Judge Ruehlman said the town did not put up required notice as to the placement of the cameras and objected to the fact that a motorist challenging the $105 citation had to pay a $25 administrative fee with no guarantee the fee would be returned if the appeal were successful. The judge said police department employees who have no personal knowledge of the violation appear as witnesses at appeals hearings, and he also questioned a requirement that a vehicle owner not operating the vehicle at the time of the infraction was forced to name the driver — a situation that could lead, for example, to a husband being forced to provide testimony against his wife.
The Elmwood Place camera that was the subject of the ruling issued about 115 tickets per day, which the judge noted was about $362,250 per month and about $2 million over six months. The town was entitled to 60 percent of the money, while the company that monitored and calibrated the equipment, Lanham-based Optotraffic LLC, collected 40 percent.
Optotraffic is the same company that operated the camera system in the Prince George’s County town of Cheverly until August, when town officials complained about inaccurate readings that included a camera catching a bicycle going 57 mph, another bike going 38 mph and an “invisible vehicle” traveling 76 mph.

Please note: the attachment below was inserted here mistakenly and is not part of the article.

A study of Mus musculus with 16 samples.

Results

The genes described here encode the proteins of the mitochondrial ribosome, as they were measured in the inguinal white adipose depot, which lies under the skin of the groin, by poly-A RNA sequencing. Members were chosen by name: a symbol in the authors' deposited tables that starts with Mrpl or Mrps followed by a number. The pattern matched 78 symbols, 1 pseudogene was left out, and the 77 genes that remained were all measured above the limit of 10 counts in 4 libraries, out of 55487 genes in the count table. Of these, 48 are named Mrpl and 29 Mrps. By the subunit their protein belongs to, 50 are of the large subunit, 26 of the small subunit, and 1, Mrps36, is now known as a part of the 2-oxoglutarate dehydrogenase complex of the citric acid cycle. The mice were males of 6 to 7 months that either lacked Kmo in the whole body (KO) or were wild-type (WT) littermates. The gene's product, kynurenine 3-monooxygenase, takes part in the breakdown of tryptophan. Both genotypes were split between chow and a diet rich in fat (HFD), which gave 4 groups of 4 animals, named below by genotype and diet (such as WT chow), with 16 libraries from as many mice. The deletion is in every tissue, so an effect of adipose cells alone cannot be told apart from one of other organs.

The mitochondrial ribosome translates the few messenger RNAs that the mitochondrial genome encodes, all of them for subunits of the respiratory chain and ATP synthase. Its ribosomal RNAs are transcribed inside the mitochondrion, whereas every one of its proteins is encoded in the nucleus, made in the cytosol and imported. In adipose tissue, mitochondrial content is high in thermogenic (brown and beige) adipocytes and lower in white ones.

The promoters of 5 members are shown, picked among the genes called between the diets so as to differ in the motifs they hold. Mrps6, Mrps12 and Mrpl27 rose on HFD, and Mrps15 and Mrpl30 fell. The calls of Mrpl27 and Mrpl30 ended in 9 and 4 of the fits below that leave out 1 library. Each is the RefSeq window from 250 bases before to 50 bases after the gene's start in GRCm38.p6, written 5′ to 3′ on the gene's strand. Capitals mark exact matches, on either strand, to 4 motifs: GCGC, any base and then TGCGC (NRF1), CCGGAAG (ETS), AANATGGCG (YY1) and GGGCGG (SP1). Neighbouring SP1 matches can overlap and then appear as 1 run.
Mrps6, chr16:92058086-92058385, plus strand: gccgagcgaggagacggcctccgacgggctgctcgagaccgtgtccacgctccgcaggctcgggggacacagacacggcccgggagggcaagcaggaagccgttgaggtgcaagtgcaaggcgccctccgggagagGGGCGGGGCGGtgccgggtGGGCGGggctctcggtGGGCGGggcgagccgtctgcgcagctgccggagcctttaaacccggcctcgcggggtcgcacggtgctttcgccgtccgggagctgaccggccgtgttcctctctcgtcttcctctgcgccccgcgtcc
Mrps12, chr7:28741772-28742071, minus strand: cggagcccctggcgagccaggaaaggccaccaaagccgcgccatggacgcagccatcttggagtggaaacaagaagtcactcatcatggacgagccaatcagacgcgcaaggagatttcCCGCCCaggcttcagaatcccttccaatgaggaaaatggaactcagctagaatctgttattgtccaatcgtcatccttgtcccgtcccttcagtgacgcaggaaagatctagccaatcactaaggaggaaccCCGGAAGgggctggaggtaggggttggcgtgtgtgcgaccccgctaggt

Cheverly officials were not alone in their complaints about Optotraffic equipment.
Motorists and AAA Mid-Atlantic also have said the company’s devices sometimes measure inaccurate speeds and are inferior to those used by other vendors. The company provides and operates speed-monitoring devices for more than a dozen Prince George’s municipalities and for the county, which started its speed-camera program in September.
The company insisted its cameras were reliable and said the complaints by town personnel were simply a result of their “lack of understanding” of the equipment.
© Copyright 2014 The Washington Times, LLC. Click here for reprint permission.
About the Author
Matthew Cella is The Washington Times’ Metro editor. He can be reached at firstname.lastname@example.org.